Q: I read your post about getting hired as a children's writer. You mentioned the importance of finding a "niche." Can you talk more about this? How do I do it?
A: I think I'll make this a two-parter so nobody gets too terribly b(l)ogged down. Ready? Okay!
Of course many aspiring children's writers know exactly what they want to write. There's no question, they just write what comes, whether it arrives in the form of a YA novel or a rhyming picture book. Others know only that they want to write for children but have no idea where they might begin. Nothing wrong with not knowing what you want till you find it. The key, though, is that you take action.
In my Children's Writing Workshop, I help students refine their writing-niche goals by first taking them through many of the same exercises I featured in my Finding Your Voice series. I suggest reading that as background. If you're strapped for time, just answer the three questions in that first entry. How do your responses play into your current writing interests? I'm willing to bet that they offer some strong insights . . . or at least a good jumping-off point for your thoughts.
Following are four more action items you can try as you hunt for a niche.
(1) Everything about the business, the craft, the endeavor should begin the same way: You have to do your research, and that means you have to read, read, read . . . and then read some more. Your aim is to know both your readership and your market.
Get to know your local children's librarian pronto. Ask him or her for a list of must-reads, then check them out and get to it. You can approach the task in a number of ways. Here are a few ideas:
- Try sample readings from all age levels/genres so you can more easily compare them as you go.
- Try reading books from one age level/genre per week.
- Pick and choose yourself, starting with the age level/genre you think you want to write for and taking it from there.
Keep in mind that getting fully entrenched in the world of children's and YA literature takes time. You can't read it all, and you most certainly cannot read it all quickly. But you must make this a priority.
(2) It's helpful to get a feel for how children's lit has changed (and stayed the same) over the years so you can better see where — and exactly how — you might fit into today's market.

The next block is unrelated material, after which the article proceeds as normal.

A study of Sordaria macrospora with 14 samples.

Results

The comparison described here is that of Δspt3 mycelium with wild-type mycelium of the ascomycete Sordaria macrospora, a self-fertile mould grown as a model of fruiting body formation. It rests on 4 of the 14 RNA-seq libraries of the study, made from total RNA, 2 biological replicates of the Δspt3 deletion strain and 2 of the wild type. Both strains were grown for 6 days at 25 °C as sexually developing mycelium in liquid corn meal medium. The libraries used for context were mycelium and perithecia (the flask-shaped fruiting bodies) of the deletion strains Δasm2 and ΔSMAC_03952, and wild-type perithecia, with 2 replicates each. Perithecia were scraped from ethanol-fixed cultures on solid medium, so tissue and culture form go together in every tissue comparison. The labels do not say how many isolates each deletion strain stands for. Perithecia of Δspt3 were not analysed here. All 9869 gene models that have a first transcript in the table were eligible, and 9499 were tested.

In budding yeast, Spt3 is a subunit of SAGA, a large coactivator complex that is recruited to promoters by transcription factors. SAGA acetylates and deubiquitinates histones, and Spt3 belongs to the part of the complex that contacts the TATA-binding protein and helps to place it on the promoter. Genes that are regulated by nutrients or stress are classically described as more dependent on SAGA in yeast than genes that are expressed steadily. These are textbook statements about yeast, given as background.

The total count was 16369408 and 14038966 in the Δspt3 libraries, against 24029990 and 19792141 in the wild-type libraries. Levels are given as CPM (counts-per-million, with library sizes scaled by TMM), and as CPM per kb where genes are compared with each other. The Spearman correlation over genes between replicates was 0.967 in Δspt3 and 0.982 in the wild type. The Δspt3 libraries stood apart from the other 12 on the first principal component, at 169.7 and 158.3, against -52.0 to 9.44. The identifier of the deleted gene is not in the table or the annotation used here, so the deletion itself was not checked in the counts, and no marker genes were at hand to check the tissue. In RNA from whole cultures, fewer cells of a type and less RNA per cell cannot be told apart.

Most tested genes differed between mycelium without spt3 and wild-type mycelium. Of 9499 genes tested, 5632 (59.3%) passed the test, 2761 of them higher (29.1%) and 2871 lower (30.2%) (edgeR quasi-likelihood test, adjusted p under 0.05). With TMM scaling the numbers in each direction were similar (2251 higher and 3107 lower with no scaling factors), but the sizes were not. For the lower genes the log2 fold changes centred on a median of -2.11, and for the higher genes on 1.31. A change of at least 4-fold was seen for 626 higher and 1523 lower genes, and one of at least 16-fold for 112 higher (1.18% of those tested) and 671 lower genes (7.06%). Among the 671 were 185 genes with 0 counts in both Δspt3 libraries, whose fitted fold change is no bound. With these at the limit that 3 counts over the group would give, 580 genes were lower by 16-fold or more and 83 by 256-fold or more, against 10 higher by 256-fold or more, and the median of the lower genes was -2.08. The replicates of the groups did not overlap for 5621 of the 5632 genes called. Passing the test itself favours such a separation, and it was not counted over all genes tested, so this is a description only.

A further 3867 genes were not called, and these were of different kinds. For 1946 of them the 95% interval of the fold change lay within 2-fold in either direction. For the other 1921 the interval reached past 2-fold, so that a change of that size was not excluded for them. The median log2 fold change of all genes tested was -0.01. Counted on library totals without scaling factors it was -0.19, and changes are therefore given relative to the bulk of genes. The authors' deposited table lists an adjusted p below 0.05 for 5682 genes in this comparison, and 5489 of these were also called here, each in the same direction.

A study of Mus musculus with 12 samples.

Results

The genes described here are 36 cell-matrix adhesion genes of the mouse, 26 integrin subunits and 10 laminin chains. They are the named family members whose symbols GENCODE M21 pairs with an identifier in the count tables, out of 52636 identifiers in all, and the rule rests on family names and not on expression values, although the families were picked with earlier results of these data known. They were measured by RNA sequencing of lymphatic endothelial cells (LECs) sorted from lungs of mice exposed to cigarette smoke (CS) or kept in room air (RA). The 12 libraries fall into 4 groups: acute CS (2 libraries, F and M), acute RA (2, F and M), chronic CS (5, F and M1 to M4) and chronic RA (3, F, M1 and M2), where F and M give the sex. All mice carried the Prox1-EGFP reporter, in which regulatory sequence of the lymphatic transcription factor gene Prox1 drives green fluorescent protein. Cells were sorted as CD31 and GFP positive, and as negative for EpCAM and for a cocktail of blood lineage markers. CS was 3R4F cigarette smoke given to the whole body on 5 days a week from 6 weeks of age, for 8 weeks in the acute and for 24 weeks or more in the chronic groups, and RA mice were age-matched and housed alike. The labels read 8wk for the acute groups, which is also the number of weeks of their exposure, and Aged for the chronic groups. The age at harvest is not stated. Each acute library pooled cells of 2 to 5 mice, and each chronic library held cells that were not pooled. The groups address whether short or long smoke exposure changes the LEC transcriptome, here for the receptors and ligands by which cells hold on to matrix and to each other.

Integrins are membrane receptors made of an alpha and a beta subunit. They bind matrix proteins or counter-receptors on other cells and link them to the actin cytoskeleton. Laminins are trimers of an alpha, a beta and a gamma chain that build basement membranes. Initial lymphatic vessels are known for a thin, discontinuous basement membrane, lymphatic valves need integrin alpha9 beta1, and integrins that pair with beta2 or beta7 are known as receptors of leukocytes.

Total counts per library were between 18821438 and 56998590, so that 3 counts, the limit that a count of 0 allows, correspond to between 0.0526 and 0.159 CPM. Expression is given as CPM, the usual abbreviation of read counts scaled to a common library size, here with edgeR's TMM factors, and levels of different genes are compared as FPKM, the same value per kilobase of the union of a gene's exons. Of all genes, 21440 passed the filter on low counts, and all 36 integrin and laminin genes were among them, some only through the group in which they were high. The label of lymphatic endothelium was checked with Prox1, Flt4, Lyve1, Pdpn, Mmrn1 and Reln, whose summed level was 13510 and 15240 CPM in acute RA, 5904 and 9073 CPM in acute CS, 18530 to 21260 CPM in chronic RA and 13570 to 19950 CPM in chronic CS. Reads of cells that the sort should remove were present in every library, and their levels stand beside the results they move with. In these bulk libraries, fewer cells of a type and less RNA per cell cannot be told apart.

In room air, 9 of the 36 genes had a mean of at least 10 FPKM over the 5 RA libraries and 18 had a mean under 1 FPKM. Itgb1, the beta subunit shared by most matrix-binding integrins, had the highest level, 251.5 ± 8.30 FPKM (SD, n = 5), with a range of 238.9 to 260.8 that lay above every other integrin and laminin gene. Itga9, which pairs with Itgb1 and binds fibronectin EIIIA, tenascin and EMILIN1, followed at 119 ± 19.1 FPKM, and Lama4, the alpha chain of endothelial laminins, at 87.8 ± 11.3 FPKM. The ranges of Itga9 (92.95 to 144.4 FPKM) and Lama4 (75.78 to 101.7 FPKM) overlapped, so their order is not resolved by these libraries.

Research major award winners. Lists of books that have won awards such as the Newbery, Caldecott, Coretta Scott King, Michael L. Printz, Edgar Allan Poe (juvenile division) are readily available online. Check out the American Library Association's site — this ALSC page lists links to several award-specific sites (be sure to check the descriptions, as some are for adult books). For awards not covered here, just use Google or any other search engine.
Also, the Children's Literature Web Guide will point you to many lists and other great information. It's no longer updated, but its archives have tons of still-relevant info for anyone interested in writing and learning about kid lit.
For additional help studying the children's market and narrowing your own focus, do make the time to visit the Children's Book Council and the Society of Children's Book Writers and Illustrators sites.
(3) Read good writers' books that include information about the distinctions between genres. These long-time favorites will get you started.
Children's Writer's Reference by Berthe Amoss & Eric Suben
This all-around reference includes a wonderful discussion of genres called "Age Levels and Formats." Request it at your library!
Children's Writer's Word Book by Alihandra Mogilner
In this resource you'll find grade-specific word lists (along with an annotated thesaurus of the same words), writing samples from each reading level, brief discussions about what kids are interested in and required to learn at each grade level, and tips for writing to given reading levels. You will absolutely need to own this book if you plan to write for the education market. Some publishers will ask you to use it, and once you have, you'll want to keep it handy.
Worlds of Childhood: The Art and Craft of Writing for Children by William Zinsser, editor
This is a collection of essays by some of the best-known children's writers. The theme that ties the essays together is honesty in children's writing, as in what experiences these writers draw upon to help them create authentic stories and connect with their readers.
(4) Research publishers' sites. See what they're producing (and not producing)!
For a list of children's publishers (along with URLs and brief descriptions about each house's specialty), check out BookWire's index of children's publishers. Note that this index, while very useful, is not comprehensive. But there's no better place to start browsing and researching publishers that seem to be producing the kinds of books you'd like to write.
That's it for this post. I'll be back later this week with Part 2 to share a few more links and exercises to help you identify YOUR niche.